Sam Smith’s plain, new album is a pop gospel reflection, as soulful as (and more seasoned than) his haunting In the Lonely Hour. “Too Good at Goodbyes” is short and breezy. “Say it First” sets Smith’s gentle, lilting falsetto to the electronic melody and heartbeat rhythm for another good love song. “One Last Song” is an old-fashioned, Motown-style pleaser, “Midnight Train” is searching and “Burning” provides a piano-inflected introspection.
Songs go together in sequence. They draw the listener into The Thrill of It All. Then, comes “HIM”.
This tune is, simply put, a masterpiece, though it might take a few listens to shake off the hype if you’re like I am and need mental clarity to immerse yourself in a song. “HIM”, fittingly in all caps, builds and builds into a chorus as Smith’s vocals dovetail into hand-clapping dare to God. “HIM” ends as a solemn declaration of love as, yes, a hymn. It’s inspired, inspiring music which captures the glory of achieving certainty in rejecting religion.
“Baby, You Make Me Crazy” is an uptempo toe-tapper and “No Peace” features a recording artist named Yebba on another memorable, piano-looping tune. “Palace” is the type of song you might listen to over and over as you sit by the fire in solitude at Christmastime after everyone’s been cleared out, contemplating promises to yourself for the new year. Lyrics for all these songs, generally at least co-written by Smith, are thoughtful and passionate but also considered and, as before, accessible. The Thrill of It All is in this sense a breakthrough album about the Herculean effort to pull yourself through life’s heartbreak, occasionally with bottles and cigarettes, but foremost with introspection, thought and kindness for one’s honest, gravest mistakes. Sam Smith sings again with sincerity and conviction, this time in reconciliation of whatever debt he might expect himself to pay.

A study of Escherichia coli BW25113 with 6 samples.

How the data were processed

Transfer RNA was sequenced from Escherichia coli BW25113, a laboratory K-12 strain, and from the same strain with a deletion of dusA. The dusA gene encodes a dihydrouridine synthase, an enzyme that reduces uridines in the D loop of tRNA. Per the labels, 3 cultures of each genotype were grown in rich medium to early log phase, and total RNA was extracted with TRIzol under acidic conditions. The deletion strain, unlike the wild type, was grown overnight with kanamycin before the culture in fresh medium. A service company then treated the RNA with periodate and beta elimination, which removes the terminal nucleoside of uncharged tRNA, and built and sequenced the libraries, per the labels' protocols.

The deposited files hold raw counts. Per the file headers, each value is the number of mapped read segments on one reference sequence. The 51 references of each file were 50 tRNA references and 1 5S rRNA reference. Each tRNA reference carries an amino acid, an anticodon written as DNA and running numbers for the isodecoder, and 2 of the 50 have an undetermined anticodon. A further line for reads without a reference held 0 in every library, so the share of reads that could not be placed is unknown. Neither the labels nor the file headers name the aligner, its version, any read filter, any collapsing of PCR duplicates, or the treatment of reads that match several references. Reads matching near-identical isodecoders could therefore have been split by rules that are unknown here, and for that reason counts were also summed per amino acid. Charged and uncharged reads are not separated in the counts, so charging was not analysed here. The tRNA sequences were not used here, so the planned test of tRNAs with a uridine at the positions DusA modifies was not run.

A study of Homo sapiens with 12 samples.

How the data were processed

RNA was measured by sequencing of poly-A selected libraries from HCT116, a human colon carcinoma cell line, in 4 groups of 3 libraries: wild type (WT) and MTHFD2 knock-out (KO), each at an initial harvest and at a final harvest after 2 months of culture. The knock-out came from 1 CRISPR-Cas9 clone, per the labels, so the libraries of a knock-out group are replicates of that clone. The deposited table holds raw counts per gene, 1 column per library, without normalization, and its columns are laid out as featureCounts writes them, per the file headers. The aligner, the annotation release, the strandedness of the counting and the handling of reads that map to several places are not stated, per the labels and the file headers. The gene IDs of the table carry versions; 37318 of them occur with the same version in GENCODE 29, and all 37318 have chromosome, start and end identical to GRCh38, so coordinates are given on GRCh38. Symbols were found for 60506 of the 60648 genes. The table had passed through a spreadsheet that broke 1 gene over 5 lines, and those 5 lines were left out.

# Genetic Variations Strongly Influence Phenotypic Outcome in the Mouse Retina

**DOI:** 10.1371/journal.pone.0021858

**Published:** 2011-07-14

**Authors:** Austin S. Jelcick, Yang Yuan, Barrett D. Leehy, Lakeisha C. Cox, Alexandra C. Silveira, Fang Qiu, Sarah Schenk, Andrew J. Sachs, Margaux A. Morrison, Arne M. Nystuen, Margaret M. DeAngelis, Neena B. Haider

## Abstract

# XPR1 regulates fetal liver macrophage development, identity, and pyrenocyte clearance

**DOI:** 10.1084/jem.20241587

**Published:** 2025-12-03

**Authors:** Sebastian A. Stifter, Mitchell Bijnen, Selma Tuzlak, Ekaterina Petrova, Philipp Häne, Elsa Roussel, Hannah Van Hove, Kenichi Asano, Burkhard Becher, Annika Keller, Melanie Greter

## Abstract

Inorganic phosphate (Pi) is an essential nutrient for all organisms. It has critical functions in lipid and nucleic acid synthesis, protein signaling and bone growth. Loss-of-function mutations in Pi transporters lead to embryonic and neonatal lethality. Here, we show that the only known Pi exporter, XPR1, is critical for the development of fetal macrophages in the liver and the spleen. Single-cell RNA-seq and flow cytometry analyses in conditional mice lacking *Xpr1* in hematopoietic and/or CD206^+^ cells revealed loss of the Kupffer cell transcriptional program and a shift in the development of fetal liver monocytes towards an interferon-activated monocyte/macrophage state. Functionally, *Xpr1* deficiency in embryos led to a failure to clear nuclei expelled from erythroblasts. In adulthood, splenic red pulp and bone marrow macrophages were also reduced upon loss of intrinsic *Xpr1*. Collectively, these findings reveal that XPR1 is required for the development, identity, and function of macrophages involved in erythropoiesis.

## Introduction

As with the redemptive In the Lonely Hour, the tenth of the ten songs on the regular album, “Pray”, is an affirmation of one who wants to believe in the world.
An additional four songs on the special edition include “Nothing Left for You”, “Scars”, “One Day at a Time” and the album’s title, “The Thrill of It All”. This title track neatly wraps around these 14 songs with a sweeping, which is not to say melodramatic, self-assessment which at once takes stock of life as it is and anticipates working around whatever trouble lies ahead to reach out for the good. For example, “Scars” is a lovely, really touching and soulful tribute to one’s divorced parents. If it is laced with melancholy, and it is (isn’t breaking up?), it is also coated with guitar-laden dreaminess. Words and music suggest an acquired knowledge, confidence and acceptance of the searing pain that comes from the irreconcilability of romantic separation. “One Day at a Time” is an optimistic ode which echoes Smith’s brilliant first album, In the Lonely Hour.
The Thrill of It All is a strong and satiating driving album, especially when you have a reason to believe that what’s around the bend may be bad road conditions…and every reason to believe that, as long as you’re in charge, “it’s never too late” to get past life’s obstacles.